While you’ve likely heard about the election results in Virginia and New Jersey last week, voters also weighed in on referendums across the country.
Back in July, we previewed four prominent ballot initiatives from New York, Ohio, Maine, Texas, Louisiana and New Jersey. Today, we take a look at the results and see how their respective state government agencies will enforce the decisions made by popular vote.
Maine Medicaid Expansion Initiative
Summary of the Issue: Under the Affordable Care Act, Congress expanded Medicaid to cover all individuals earning incomes of up to 138% of the Federal Poverty Level. But in 2012, the U.S. Supreme Court allowed states to choose whether they wanted to participate in the Medicaid expansion, and in Maine Gov. Paul LePage has vetoed statewide Medicaid expansion 5 times. As a result, the expansion is headed directly to the ballot via a petitioned indirect initiative signed by at least 61,123 Mainers. If passed, the bill would move pass the governor and legislature to the Maine Department of Health and Human Services, which would be tasked with creating a Medicaid expansion plan.
Vote Results: Medicaid Expansion approved by 59% of Maine voters.
What Happens Next: Maine legislators had previously voted to expand Medicaid five times, with Republican Governor Paul LePage vetoing every bill. Even though the outcome of the ballot initiative is not subject to a veto, Gov. LePage has stated that his administration will not implement the change unless the legislature identifies funding sources for the state portion of the program’s costs. Groups in Idaho and Utah are hoping to follow the lead of Maine and include their own Medicaid expansion on the ballot in 2018.
New Jersey Revenue from Environmental Damage Lawsuits Dedicated to Environmental Projects Amendment
Summary of the Issue: Previously, any revenue obtained from large pollution lawsuits in New Jersey has not been spent on preservation or conservation efforts in the affected areas. Instead, most of these funds went to balancing the state budget. This bill would require all money earned by the state related to natural resource damages be used to restore the affected area.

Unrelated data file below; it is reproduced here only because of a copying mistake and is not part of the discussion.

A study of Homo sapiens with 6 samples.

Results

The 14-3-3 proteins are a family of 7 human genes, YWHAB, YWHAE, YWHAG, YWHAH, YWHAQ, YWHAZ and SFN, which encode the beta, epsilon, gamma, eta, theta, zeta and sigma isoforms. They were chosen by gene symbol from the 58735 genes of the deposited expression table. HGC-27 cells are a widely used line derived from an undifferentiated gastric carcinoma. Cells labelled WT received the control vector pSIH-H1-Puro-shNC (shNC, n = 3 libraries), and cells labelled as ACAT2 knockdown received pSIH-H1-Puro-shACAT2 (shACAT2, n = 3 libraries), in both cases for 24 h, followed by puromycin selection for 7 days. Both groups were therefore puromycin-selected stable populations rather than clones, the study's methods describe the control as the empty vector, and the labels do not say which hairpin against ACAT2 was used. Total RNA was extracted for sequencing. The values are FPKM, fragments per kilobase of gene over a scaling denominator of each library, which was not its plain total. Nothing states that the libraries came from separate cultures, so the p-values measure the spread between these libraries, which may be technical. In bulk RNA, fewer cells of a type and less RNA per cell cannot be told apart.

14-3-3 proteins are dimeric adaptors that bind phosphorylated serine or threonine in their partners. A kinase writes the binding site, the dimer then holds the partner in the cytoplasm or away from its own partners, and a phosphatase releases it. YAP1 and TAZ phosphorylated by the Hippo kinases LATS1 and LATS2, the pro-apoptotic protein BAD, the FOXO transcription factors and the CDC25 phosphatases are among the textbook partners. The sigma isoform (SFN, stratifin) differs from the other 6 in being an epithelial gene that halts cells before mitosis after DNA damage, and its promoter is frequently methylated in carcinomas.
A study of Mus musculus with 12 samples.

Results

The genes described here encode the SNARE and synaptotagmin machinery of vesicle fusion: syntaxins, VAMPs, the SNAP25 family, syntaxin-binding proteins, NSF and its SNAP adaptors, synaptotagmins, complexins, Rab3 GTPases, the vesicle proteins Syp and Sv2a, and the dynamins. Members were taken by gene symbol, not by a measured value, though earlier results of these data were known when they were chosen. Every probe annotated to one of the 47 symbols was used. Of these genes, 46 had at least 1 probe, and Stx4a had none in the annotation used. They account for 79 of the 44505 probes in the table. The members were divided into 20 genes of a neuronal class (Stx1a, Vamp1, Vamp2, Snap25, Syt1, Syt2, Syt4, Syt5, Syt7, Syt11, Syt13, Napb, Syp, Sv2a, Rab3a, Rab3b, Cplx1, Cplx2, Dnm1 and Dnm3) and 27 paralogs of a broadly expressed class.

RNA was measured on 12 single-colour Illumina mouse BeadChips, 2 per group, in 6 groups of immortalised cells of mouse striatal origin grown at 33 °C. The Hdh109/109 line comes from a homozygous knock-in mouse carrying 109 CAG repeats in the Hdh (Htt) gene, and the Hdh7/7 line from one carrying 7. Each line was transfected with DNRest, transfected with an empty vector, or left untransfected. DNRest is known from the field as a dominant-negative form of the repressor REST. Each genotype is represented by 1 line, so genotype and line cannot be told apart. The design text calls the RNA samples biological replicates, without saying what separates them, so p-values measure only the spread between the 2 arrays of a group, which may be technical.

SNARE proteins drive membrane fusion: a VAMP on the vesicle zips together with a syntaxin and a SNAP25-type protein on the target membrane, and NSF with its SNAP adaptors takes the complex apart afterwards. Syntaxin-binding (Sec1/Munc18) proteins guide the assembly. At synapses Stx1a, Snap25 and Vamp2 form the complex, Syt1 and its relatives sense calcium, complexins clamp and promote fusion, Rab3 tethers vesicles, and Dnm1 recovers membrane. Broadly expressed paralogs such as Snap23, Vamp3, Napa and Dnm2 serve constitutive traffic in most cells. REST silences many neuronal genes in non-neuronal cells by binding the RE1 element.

Vote Results: 69% of New Jersey voters voted to spend revenue obtained from pollution on lawsuits on conservation.
What Happens Next: This affirmative result formally amends the state constituion to prevent future governors and the state legislature from repurposing money earmarked for restoring land and waterways tainted by pollution. According to the ballot question, any funds paid by a polluter “would have to be used to repair, restore, replace, or preserve the State’s natural resources. The money may also be used to pay legal or other costs incurred by the state in pursuing its claims.”
New York Pension Forfeiture for Convicted Officials Amendment (2017)
Summary of the Issue: After several elected officials in New York were criminally convicted and still allowed to receive large pensions in jail, the state attempted to enact the Public Integrity Reform Act in 2011 to allow judges to reduce or revoke the pensions of convicted officials. Yet, because pensions are a contractual relationship in the New York state constitution, this change could only apply to future officers entering the system after 2011. The legislatively referred constitutional amendment would allow judges to reduce or revoke pensions of public officers convicted of a felony related to their official duties for any public officer in the system who commits the crime after January 1, 2018.
Vote Results: 64% of New York voters approved the constitutional amendment.
What Happens Next: Courts will now be able to “reduce or revoke” the pension of elected officials who are convicted of felonies related to their public duties. This ballot measure was included as a reaction to a series of scandals involving a number of state legislators, including Norman Seabrook, Sheldon Silver and Dean Skelos, who were still able to receive their pensions retroactively after serving time in prison for their crimes.
Ohio Drug Price Standards Initiative (2017)
Summary of the Issue: This initiative would alter the price of drugs purchased through the state to align prices with the U.S. Department of Veterans Affairs. This could reportedly reduce Ohioans’ drug prices by up to 24 percent.
Vote Results: 79% of Ohio voters opposed the price alteration.
What Happens Next: The overwhelming majority of Ohio voters voted against this ballot initiative so the state will still be able to buy prescription drugs at prices higher than what the Department of Veterans Affairs pays. While supporters claimed that using the VA as the standard for how the government should spend money would save Ohio residents millions of dollars each year in healthcare costs, voters disagreed.